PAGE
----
The significant state-backed investment in the 13-16 June China Fashion Gala, signalled that the Chinese jewellery industry is strongly committed to raising its international profile as a source of major brands.
The “China Fashion Gala” in mid-June celebrated Chinese jewellery manufacturing and design skills, with a conference exploring how to boost the visibility of Chinese jewellery brands globally.
A delegation of European opinion leaders was invited to the jamboree staged in luxurious surroundings in the high-rise jewellery manufacturing hub of Shenzhen, adjacent to the trading metropolis of Hong Kong, and featuring visits to manufacturers such as Zhou Liu Fu and Allove, located in the city’s teeming jewellery district.
The delegation also visited the Shenzhen Jewelry Museum, a strong contributor to jewellery education in China and a popular tourist destination.
Chinese manufacturers are embracing new technologies, have developed and harnessed new cuts to maximise the sparkle of polished diamonds, and are probing proactively how to engage AI in order to boost efficiency and reduce costs.
The highlight of the China Fashion Gala was a vast formal dinner and runway spectacle celebrating Chinese jewellery design skills with an awards event judged by the visiting delegates, who included industry editors and influencers, a senior trade event organiser (Ronny Totah, Co-Founder of GemGenève), and respected consultants.
Dozens of statuesque Chinese fashion models presented the latest, cutting-edge jewellery pieces from an emerging “new wave” of Chinese designers, including rising star Wallis Hong, who had made a big impact in May at the upscale GemGenève show in Geneva attended by many of the world’s leading fine jewellery retailers.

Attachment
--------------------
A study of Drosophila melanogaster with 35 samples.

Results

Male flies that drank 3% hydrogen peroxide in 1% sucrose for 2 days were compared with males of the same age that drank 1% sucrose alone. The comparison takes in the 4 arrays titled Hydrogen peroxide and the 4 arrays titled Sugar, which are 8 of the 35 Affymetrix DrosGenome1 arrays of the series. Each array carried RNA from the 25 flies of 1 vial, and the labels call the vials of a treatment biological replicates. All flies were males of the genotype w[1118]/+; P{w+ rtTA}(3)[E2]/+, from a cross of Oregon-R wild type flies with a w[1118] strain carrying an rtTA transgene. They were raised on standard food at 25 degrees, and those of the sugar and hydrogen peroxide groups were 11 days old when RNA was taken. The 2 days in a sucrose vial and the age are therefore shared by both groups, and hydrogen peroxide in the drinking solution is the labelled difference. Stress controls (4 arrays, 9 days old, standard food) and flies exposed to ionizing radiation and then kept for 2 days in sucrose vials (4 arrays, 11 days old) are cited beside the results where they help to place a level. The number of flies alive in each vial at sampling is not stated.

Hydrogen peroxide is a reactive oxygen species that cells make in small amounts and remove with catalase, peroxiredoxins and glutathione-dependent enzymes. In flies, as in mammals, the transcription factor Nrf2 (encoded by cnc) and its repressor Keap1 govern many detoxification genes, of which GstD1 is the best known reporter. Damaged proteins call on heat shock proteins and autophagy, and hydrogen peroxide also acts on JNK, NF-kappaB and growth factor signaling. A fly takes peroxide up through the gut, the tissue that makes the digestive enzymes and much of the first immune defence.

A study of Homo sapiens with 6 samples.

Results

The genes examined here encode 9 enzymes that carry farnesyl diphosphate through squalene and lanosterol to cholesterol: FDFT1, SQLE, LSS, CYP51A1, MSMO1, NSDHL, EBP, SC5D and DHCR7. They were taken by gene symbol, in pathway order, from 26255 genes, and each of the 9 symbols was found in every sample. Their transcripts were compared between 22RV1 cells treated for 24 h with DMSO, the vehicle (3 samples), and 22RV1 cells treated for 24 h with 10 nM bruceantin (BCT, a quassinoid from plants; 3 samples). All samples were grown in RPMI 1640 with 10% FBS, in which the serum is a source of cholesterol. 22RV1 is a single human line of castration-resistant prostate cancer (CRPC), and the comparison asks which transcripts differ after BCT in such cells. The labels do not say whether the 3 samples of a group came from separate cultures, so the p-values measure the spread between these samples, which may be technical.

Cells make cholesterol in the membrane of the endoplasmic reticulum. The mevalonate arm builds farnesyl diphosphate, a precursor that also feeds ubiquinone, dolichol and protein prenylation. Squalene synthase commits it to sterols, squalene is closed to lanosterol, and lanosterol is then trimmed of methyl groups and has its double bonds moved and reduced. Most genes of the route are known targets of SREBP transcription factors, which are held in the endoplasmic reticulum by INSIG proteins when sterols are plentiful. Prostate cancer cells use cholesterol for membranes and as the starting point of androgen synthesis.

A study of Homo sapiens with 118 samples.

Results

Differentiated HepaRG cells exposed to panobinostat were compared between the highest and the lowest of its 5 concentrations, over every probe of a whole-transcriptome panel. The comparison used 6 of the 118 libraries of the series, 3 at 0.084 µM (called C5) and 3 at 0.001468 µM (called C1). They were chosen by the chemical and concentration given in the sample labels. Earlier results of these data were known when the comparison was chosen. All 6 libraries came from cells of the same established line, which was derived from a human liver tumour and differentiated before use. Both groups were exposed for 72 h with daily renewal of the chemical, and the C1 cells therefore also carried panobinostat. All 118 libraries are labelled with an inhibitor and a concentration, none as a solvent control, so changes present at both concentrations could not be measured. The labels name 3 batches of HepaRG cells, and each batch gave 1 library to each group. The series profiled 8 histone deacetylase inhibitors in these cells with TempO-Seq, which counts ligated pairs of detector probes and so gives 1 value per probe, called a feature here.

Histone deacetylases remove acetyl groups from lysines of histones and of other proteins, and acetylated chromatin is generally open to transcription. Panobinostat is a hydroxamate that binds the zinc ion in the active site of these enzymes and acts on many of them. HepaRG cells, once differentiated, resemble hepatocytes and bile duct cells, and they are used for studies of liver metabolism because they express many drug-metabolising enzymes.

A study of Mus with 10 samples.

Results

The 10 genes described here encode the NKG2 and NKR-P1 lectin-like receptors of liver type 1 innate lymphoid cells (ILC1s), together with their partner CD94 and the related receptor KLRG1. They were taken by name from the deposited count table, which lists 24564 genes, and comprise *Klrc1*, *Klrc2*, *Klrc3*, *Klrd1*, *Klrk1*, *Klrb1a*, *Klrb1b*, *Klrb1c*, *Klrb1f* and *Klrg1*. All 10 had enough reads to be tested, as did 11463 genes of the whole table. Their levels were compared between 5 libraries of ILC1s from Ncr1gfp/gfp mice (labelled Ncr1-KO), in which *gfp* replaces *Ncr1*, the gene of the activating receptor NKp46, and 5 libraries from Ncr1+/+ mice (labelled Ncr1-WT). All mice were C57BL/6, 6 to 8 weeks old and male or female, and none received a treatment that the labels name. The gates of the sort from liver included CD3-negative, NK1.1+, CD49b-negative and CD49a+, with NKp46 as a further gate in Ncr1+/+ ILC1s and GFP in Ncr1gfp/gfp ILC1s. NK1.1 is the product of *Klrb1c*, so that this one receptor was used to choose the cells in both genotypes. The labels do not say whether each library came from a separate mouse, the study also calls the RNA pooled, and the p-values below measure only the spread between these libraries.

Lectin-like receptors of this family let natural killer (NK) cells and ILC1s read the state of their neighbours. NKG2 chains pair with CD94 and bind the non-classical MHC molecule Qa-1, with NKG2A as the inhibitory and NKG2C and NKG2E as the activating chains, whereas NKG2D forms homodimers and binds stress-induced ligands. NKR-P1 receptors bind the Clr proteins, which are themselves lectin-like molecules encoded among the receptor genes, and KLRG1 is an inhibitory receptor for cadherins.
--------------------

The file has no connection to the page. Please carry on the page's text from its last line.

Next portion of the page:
China is the world’s largest manufacturing economy and a leading precious and fine jewellery manufacturer and marketplace. China’s diamond jewellery market is estimated to be worth around $7 billion.
The meticulous planning and state-backed investment in the 13-16 June China Fashion Gala, signalled that the Chinese jewellery industry is strongly committed to raising its international profile as a source of important brands.
The conference on the final day outlined several ways to drive forward Chinese jewellery manufacturing, design and brands on the global stage:
Boosting standards, so that “Made in China” will become increasingly recognised as top quality goods; developing associations with responsible groups such as CIBJO-World Jewellery Confederation, Responsible Jewellery Council (RJC), and WJI 2030 (Watches and Jewellery Initiative 2030);
Developing and supporting original design inspiration. Highly skilled and inspired Chinese designers such as Wallis Hong, an architect of the event, are emerging fast as ambassadors for original and outstanding design skills and innovation, spearheading the “new wave” of Chinese talent;
Investing in jewellery education in China, supporting the next generations of manufacturers, designers and brands; investing in scrupulous market research and trend forecasting;
Investing in new technologies to raise efficiencies, supreme craftsmanship in order to stand head and shoulders above the competition, and sustainability to meet the stringent standards set by the new jewellery consumers;
International partnerships and collaborations to learn from seasoned industry peers around the world;
And tracking and harnessing AI as appropriate, to boost industrial efficiency and cut production costs.
China’s jewellery industry is expected to plan similar events in future to showcase the latest production technologies and design inspiration, and to drive forward a campaign to celebrate “Made in China” innovation across the world.